MADISON, Wis. (AP) - Wisconsin farmland’s value remained steady in 2016, unlike the rest of the Midwest.
Nearly every state in the region saw decreases to farmland values last year because of low commodity prices, Wisconsin Public Radio (https://bit.ly/2j0C6Xl) reported. Iowa’s land values fell for the third year in a row, an issue the state hasn’t encountered since the 1980s.
But Dennis Badtke, chief appraiser from Badgerland Financial, said Wisconsin land prices are surprisingly strong because people still have enough money and borrowing capacity.
“We’re looking at land values and are really surprised to see that land values have held as well as they have considering what’s happened to commodity prices,” Badtke said.
Farm appraiser Arlin Brannstrom said Wisconsin’s diverse agriculture industry makes it more resilient to the impact of low prices.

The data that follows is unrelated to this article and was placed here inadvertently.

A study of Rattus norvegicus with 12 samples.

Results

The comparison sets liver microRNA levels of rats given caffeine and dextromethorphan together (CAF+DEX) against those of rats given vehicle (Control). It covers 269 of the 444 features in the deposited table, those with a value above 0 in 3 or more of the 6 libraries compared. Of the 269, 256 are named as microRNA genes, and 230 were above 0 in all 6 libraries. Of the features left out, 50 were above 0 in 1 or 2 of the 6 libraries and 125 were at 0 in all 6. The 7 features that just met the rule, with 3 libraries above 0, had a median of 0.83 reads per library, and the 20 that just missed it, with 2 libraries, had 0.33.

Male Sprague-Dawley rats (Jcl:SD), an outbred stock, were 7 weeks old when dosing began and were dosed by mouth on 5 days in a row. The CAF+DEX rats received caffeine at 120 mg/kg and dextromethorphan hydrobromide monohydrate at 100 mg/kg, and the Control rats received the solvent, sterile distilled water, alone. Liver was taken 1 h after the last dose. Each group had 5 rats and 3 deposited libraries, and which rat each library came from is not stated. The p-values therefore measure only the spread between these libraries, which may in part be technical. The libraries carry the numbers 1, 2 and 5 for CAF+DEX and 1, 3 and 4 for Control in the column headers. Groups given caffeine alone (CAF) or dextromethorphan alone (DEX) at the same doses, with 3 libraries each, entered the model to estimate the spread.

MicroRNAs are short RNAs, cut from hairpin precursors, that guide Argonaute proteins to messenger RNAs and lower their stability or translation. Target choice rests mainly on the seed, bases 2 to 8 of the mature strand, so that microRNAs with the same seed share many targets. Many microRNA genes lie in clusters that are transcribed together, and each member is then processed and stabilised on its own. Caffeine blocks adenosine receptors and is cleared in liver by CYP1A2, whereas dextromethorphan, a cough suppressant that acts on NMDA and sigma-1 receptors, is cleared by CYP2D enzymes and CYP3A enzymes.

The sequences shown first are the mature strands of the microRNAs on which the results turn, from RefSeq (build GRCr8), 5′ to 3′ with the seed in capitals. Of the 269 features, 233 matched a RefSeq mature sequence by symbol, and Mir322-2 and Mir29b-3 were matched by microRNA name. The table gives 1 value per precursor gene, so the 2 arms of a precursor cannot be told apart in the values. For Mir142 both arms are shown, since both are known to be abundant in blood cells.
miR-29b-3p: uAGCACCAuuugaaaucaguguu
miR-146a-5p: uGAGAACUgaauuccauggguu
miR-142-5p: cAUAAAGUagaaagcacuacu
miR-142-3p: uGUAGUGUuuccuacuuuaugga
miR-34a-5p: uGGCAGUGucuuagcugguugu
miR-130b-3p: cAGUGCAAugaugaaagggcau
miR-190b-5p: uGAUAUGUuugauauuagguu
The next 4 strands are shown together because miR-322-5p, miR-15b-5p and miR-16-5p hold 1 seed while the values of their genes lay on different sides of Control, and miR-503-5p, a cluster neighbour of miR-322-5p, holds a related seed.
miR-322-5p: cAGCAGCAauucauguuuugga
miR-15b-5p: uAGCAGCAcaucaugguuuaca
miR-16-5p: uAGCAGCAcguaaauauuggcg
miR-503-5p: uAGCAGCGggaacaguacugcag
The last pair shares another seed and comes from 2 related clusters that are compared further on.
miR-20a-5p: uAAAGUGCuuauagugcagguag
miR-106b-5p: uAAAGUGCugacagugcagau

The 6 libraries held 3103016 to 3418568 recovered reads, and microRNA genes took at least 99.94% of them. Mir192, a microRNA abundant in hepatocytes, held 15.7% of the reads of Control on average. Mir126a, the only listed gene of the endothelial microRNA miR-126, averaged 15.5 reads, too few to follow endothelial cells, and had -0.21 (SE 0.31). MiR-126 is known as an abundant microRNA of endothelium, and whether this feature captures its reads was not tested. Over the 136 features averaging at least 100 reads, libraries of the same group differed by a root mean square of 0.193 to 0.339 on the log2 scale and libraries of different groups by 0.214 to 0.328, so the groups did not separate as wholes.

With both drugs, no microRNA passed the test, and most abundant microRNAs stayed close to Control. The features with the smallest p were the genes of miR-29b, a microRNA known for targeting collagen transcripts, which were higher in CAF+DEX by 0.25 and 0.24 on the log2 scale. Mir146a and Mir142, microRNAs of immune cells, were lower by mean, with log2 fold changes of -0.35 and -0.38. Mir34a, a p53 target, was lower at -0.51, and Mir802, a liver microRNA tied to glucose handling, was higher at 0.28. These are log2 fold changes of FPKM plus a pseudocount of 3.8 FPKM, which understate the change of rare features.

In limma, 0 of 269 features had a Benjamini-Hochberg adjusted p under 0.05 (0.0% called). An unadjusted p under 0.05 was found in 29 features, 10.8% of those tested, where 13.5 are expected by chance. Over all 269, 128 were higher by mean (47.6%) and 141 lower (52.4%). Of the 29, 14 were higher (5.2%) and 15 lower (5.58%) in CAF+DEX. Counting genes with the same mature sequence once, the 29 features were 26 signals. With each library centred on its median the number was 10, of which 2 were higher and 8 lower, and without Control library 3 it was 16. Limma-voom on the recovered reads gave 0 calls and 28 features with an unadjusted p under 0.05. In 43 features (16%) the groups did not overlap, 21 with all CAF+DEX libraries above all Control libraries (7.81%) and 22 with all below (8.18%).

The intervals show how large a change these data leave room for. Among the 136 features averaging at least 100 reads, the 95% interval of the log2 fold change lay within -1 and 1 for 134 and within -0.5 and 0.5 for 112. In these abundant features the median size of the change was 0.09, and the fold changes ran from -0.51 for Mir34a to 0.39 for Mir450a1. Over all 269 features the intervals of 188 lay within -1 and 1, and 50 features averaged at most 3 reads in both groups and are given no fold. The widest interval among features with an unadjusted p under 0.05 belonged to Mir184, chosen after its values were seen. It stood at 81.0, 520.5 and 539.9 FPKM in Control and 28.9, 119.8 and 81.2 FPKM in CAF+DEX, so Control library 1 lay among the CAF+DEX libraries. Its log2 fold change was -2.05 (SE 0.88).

“Wisconsin is a little bit different than most of the rest of the Corn Belt in terms of the dependence on row crops only,” Brannstrom said. “We grow a lot of alfalfa crops, we have a lot of farms that are using livestock and are dependent on having enough acreage to dispose of their animal nutrients.”
He said the state could see land decrease in value this year as rental rates decline and higher interest rates make loans less attractive.
“A lot of the land that we see changing hands is financed by either commercial banks or farm credit associations and as those interest rates go up, it’s certainly going to put a little bit more pressure on the cash flow for new land acquisitions,” Brannstrom said.
Information from: Wisconsin Public Radio, https://www.wpr.org
Copyright © 2022 The Washington Times, LLC.